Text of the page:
In August, the world’s premiere MMA organization will return to Brazil after a nearly thirteen-year hiatus from the South American nation.  And while rumors abound concerning the anticipated roster – and the inevitable gaggle of countrymen who will populate it – one name has stuck out above all others in terms of wild and reckless speculation.  That’s right, I’m talking about Royce Gracie, whose 1993 Octagon debut made such a lasting impression, he is to this very day revered as both a legend and a catalyst for the modern MMA movement.  It was, after all, his comparatively small size, prowess in jiu-jitsu and knack for defeating nearly everyone he faced that made the burgeoning sport compelling and palatable to the masses.  Gracie fighting at UFC 134 in Rio de Janeiro only makes sense, right?  Wrong!  Though he is most definitely a legend, Gracie doesn’t belong anywhere near the inside of the Octagon on August 27, and here are five very important reasons why:

– Relevancy – It’s been a long time since Gracie last fought.  So long, actually, that his place among today’s crop of middleweights (the weight class in which he’d belong) would best be described by the phrase “Wait, why am I fighting this guy?”  Other than a paycheck, there is no reason for anyone to face him.  Defeating Gracie, whose last fight was a controversial decision victory against Kazushi Sakuraba back in 2007 (which was made even more controversial by Gracie’s failed post-fight drug test) means that no one has anything to gain from fighting the man.  The Brazilian, though beloved, is irrelevant.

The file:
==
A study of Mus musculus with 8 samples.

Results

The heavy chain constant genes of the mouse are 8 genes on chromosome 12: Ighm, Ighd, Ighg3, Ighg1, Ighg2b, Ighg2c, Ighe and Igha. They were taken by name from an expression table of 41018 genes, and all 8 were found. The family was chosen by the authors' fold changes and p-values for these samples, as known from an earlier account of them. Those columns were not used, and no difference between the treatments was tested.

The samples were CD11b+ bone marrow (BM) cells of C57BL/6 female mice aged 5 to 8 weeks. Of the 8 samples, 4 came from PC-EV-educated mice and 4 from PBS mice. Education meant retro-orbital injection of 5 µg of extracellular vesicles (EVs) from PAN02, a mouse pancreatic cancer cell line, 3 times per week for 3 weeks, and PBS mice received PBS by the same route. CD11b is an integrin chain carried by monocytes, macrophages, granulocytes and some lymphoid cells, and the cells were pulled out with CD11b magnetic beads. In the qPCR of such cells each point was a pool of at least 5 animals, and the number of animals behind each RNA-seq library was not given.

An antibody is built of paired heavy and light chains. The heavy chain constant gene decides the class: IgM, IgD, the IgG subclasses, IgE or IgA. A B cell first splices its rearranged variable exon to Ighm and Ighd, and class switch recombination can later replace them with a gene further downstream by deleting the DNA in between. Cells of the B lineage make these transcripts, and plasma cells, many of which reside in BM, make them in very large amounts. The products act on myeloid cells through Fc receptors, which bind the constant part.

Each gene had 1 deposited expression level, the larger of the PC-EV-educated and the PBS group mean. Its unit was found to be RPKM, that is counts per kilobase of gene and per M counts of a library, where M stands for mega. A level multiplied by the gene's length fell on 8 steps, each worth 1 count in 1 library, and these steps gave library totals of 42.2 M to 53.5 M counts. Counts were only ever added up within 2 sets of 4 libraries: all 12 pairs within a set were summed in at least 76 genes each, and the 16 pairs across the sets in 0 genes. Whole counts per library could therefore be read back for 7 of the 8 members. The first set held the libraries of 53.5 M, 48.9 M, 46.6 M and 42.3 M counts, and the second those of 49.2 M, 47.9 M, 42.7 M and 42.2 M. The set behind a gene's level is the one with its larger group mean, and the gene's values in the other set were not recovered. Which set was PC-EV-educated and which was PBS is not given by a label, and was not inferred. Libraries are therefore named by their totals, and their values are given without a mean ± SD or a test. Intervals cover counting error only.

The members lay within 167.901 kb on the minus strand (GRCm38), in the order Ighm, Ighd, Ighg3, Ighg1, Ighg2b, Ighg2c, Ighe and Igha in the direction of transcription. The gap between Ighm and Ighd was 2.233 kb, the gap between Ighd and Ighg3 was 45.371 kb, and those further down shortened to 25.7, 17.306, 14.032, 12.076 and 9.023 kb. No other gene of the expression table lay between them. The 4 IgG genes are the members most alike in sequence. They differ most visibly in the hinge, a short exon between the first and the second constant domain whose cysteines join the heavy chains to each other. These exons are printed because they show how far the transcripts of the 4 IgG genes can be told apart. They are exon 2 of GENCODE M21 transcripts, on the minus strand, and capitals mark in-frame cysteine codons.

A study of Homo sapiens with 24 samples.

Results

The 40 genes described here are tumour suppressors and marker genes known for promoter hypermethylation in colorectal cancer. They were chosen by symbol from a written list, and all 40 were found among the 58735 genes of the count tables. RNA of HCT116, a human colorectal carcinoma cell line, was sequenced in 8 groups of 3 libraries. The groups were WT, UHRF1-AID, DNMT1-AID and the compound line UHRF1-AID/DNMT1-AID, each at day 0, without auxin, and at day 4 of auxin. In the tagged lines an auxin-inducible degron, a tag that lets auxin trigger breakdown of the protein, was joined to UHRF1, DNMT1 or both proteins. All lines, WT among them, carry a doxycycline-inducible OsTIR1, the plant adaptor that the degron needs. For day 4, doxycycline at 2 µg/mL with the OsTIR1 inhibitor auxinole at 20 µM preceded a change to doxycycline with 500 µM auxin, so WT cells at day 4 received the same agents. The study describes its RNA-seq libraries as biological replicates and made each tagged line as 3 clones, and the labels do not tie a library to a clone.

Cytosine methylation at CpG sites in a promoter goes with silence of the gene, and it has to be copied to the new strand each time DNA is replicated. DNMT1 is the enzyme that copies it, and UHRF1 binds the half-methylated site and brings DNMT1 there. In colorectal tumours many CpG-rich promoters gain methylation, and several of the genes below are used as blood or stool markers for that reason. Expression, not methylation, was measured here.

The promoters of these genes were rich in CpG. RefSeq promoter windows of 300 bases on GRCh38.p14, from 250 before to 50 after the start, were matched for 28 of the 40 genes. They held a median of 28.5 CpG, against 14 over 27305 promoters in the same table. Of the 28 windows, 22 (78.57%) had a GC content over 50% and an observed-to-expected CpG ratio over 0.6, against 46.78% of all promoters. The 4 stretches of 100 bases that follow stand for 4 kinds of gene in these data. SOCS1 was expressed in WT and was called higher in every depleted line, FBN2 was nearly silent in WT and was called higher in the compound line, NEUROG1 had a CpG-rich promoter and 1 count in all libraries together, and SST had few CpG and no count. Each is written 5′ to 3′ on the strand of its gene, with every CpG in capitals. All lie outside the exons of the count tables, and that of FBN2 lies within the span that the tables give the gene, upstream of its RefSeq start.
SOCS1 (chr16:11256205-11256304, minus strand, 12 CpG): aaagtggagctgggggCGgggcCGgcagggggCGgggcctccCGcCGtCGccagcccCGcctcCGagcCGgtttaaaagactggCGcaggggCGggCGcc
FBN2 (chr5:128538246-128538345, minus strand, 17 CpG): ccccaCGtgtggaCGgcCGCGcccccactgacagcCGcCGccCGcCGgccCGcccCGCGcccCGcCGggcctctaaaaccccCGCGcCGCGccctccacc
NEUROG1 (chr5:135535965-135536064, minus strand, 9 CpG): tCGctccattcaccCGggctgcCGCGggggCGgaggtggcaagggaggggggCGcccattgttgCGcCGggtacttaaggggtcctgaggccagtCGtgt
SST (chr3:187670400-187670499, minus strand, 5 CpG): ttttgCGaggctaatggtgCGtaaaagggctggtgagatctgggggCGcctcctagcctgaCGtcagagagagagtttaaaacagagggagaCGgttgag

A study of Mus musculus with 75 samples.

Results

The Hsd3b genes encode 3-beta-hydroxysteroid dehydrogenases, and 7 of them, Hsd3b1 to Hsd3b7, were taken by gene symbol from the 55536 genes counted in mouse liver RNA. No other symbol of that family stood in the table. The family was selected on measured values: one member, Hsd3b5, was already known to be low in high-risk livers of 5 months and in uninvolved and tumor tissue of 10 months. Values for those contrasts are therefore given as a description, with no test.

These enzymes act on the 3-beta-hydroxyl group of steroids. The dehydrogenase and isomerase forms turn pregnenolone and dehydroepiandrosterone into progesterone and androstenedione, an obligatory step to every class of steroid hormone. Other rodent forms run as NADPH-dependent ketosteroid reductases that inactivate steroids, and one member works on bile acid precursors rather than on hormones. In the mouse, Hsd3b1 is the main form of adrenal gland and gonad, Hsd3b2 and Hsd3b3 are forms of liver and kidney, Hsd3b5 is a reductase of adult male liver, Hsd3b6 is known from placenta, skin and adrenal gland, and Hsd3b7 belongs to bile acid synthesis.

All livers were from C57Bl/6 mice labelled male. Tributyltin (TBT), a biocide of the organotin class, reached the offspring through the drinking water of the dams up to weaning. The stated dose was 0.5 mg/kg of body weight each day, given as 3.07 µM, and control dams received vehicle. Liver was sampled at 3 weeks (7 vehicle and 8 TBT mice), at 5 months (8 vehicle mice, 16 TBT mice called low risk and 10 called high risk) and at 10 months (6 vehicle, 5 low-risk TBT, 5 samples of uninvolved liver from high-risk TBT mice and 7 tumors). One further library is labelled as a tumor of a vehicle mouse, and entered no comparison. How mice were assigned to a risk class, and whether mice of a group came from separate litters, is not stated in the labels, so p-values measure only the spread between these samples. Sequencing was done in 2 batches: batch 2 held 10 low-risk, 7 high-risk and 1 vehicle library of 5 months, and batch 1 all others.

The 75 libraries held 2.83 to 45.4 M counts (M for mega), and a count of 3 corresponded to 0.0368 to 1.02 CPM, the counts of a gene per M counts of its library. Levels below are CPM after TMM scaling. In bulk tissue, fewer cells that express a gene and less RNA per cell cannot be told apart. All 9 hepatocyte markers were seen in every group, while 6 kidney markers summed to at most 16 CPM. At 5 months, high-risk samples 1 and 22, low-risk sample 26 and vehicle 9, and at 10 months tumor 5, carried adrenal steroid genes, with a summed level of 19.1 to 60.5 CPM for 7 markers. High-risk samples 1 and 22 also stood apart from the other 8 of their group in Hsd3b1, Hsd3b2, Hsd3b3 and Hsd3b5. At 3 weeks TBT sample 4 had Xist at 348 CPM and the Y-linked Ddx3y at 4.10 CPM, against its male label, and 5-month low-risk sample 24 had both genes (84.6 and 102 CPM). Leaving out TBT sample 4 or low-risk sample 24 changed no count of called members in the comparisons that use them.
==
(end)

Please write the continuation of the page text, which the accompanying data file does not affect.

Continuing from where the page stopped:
Competitiveness – At UFC 60 in 2006, Matt Hughes so thoroughly dominated the jiu-jitsu fighter, many seriously questioned the wisdom of the match-up.  Gracie literally had nothing for the Illinois farm boy.  Does anyone anywhere believe the Brazilian has somehow become more dangerous since then?  Unless Gracie has figured out how to defy Father Time, he most certainly has not.  Against a competent mixed martial artist of today, he is simply no longer competitive.

– Preservation of Legacy – Years ago, the name Ken Shamrock was synonymous with “Yikes, that dude is scary.”  Nowadays, though, after Shamrock has continued competing long after his expiration date and accumulated sad loss after sad loss, his name implies things far less flattering.  So, too, would Gracie’s fate be if he were to step back into the cage.  More than most, Gracie’s legacy in the sport has proven to be everlasting.  It should be preserved – not tarnished with another loss.

– Value – What value would Gracie add to a UFC event in Brazil?  What does the revered MMA pioneer bring into the Octagon (and to a pay-per-view broadcast) that Mauricio “Shogun” Rua, Anderson Silva and young bucks like Luiz Cane and Edson Barboza don’t?  The answer is nothing.  Other than nostalgia, Gracie brings nothing with him, making the value his presence adds to UFC 134 something between “nil” and “zero”.

– The UFC Brand – When the IFL matched up faded legends against each other (Maurice Smith vs. Marco Ruas, Renzo Gracie vs. Carlos Newton, etc.) it did more harm than good to the struggling promotion.  Why tempt fate by bringing Gracie back into the organization that was his first home?  By all means, have Gracie sit cageside – on a throne, wearing a crown and wielding a diamond-encrusted scepter.  But don’t have him fight.  It will only make him, and the UFC, look bad.